In recent years, there has been a surge in commitments to address climate change, with both local and international companies as well as governments pledging to take action. However, these pledges alone fall short of the collective efforts required to combat this pressing global challenge.
Public and private sector leaders must not merely make promises but substantiate their commitment through tangible actions. While more companies are setting net zero targets with science-based reduction objectives, a significant proportion either push their targets far into the future or fail to specify a pathway. The time is now for companies to translate their commitments into credible actions and establish clear, time-bound objectives, a task that even experienced teams with advanced sustainability strategies find challenging.
For instance, if your organisation has achieved climate neutrality certification, how does this contribute to your net zero ambition? Is it worthwhile to consider a climate-positive target in addition to, or even instead of, a net zero objective?
The key lies in comprehending the definitions of these claims. These distinctions are not trivial – they hold significance for the environment, communities, and your company’s reputation.
Today, sustainability is no longer merely an option but a responsibility, with customers, stakeholders, and regulators all aligning their interests with climate action. Achieving climate neutrality involves an organisation’s need to account for its greenhouse gas emissions and establish a clear reduction strategy, ideally before offsetting unavoidable emissions.
Certifying your climate-neutral status is a pivotal step before making any public claims. For companies operating internationally, expert independent verification aligning with international standards is a robust alternative.
So, when your company chooses to become climate neutral by measuring and offsetting emissions for the year, and committing to ongoing science-based reductions, it’s a commendable achievement that shouldn’t go unnoticed.
The Path to Net Zero
Over the past century, we’ve consistently increased our emissions. Today, we face the urgent task of reversing this trend and steadily reducing emissions year by year until 2050 to attain net zero and avert the catastrophic consequences of climate change.
Yet, there exists a significant gap between ambition and action, with current global climate policies insufficient to drive down emissions.
Given the escalating urgency of addressing global emissions, the corporate net-zero standards by the Science-Based Targets initiative encourage businesses to invest in projects that go beyond their value chain, avoiding and removing emissions. While corporate decarbonization is crucial, a substantial portion of emissions occurs beyond the reach of corporate supply chains, making the private sector a vital player in bridging this emissions gap.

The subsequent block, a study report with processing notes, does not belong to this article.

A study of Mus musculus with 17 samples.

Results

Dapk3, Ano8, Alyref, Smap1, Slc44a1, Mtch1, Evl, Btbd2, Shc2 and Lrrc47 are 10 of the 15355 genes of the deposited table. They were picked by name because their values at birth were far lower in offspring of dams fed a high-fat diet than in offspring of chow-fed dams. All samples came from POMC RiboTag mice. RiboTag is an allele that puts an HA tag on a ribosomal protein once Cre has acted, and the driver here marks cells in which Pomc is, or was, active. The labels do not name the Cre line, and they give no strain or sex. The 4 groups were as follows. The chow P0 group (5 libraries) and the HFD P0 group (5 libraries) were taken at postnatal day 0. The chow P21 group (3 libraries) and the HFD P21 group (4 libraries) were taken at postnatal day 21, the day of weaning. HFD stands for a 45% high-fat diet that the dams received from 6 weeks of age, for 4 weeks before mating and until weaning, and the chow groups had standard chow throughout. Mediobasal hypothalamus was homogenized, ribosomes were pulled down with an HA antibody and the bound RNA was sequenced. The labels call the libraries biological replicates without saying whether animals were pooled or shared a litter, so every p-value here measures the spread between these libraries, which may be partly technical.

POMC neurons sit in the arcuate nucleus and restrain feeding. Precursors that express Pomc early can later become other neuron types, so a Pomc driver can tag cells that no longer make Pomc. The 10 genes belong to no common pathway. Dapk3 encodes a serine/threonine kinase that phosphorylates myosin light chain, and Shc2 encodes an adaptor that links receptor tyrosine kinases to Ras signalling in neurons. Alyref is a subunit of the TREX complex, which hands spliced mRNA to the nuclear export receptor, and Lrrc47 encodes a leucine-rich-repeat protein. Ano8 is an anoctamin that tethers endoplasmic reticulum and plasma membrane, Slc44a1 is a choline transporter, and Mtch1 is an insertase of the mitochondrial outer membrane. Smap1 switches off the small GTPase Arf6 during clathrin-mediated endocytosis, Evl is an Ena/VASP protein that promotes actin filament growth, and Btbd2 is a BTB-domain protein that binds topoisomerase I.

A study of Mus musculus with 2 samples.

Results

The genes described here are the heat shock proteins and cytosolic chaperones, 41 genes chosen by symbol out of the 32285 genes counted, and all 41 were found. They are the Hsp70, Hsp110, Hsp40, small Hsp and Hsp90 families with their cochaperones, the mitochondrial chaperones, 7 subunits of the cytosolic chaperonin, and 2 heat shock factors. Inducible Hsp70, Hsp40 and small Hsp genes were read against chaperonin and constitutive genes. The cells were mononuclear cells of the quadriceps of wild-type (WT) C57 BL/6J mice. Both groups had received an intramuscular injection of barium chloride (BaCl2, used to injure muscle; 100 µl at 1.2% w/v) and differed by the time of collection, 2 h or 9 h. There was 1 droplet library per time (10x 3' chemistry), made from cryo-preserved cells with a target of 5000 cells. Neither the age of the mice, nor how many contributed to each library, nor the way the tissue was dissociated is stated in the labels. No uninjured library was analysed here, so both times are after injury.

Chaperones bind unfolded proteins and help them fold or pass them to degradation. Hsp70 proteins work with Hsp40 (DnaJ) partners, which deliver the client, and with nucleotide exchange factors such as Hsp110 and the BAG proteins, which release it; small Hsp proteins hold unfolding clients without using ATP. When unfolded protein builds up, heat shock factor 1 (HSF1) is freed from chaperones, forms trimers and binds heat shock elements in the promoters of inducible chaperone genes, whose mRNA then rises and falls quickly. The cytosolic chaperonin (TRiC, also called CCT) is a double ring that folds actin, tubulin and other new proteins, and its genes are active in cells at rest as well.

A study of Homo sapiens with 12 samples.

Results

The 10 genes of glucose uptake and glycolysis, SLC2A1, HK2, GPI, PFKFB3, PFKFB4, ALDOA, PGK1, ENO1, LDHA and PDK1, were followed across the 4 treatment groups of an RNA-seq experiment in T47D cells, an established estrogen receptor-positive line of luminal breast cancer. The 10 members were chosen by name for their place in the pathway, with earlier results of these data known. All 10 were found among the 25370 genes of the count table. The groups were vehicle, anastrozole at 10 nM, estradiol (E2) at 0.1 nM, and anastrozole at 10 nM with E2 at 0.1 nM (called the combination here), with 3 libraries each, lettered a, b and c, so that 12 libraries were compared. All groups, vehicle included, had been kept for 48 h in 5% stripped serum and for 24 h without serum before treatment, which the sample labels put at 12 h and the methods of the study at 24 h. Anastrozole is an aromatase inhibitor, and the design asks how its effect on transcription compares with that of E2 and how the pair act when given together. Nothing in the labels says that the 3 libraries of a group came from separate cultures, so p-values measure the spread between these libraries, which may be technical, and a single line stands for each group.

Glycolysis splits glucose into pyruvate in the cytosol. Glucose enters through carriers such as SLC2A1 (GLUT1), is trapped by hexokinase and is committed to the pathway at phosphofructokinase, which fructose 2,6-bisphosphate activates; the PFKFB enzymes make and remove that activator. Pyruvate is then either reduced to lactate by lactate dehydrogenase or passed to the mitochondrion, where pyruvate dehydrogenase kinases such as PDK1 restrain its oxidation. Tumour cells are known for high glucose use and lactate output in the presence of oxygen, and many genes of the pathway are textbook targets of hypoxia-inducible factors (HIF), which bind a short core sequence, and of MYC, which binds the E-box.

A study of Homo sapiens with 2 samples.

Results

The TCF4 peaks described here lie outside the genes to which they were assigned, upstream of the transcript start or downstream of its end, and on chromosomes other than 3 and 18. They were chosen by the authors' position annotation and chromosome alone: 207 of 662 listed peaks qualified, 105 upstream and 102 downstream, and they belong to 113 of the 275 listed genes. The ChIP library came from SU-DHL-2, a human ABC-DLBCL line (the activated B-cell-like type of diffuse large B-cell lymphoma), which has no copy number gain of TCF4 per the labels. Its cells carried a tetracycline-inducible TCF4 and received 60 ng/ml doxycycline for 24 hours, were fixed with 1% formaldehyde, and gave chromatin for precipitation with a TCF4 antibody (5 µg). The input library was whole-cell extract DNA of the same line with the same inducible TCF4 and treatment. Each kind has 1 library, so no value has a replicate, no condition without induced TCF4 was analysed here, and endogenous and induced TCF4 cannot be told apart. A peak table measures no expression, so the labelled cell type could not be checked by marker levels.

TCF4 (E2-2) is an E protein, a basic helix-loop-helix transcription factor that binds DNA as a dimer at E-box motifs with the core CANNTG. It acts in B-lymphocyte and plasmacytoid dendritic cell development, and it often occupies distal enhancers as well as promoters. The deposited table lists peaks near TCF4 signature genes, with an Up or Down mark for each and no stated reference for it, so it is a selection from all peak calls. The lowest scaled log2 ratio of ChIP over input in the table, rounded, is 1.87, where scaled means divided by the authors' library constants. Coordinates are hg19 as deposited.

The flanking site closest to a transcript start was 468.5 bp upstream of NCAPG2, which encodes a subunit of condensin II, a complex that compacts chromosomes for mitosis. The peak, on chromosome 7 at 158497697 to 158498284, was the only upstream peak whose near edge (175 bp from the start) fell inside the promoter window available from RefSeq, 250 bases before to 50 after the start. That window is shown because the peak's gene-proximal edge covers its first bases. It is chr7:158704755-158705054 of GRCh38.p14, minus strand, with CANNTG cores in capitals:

Net zero is a multifaceted concept, essentially signifying a world with minimized greenhouse gas emissions, with any remaining emissions removed from the atmosphere.
To achieve this, organizations must plan a trajectory to lower emissions across the entire value chain, with net zero targets based on scientific data. This involves having both long-term net zero targets and short-term targets to reduce emissions in the next 5-10 years. Additionally, they can achieve climate neutrality by financing projects beyond direct corporate value chains to avoid and remove emissions. By investing in intelligent climate solutions, companies can reach the interim milestone of climate neutrality while transitioning toward net zero.
The first step in any net zero journey is understanding an organization’s impact on the planet by calculating its carbon footprint, assessing annual greenhouse gases across its entire value chain. The next step involves developing a strategy to reduce this footprint through various means, such as energy efficiency, renewable energy adoption, supply chain improvements, and innovative product or service delivery models.
In addition to continuous decarbonization, organizations must capitalize on current climate solutions while proactively planning to adopt new innovations, like emerging carbon removal technologies, based on their projected commercial availability.
Carbon removals, which help neutralize emissions, are a rapidly evolving field. They encompass nature-based solutions such as reforestation, ecosystem restoration, and soil carbon sequestration, as well as technological solutions like Direct Air Carbon Capture and Storage (DACCS) and geological storage.
Carbon removals lead us to the next stage in the journey: climate positivity (or carbon negativity).
The Road to Climate Positivity
Climate positivity, sometimes referred to as “carbon negativity,” is the ultimate goal. Beyond net zero by 2050, the objective is to remove more greenhouse gases from the atmosphere than are emitted, ensuring a safe climate for future generations.
Although there are no official accounting frameworks supporting corporate climate positivity or carbon negativity claims at present, they both describe the state of removing more GHGs than emitted after reducing emissions across all scopes. Claims should be made with great care, and companies must first and foremost prioritize rapid decarbonization.
For example, Microsoft has committed to becoming carbon negative by 2030, aiming to remove all the carbon it has emitted directly or through electrical consumption since its founding in 1975 by 2050.
Charting the Course Forward
Translate your ambition into concrete action and join other businesses committed to reversing climate change. No matter where you stand on your journey, EKI can assist you in taking the next step today.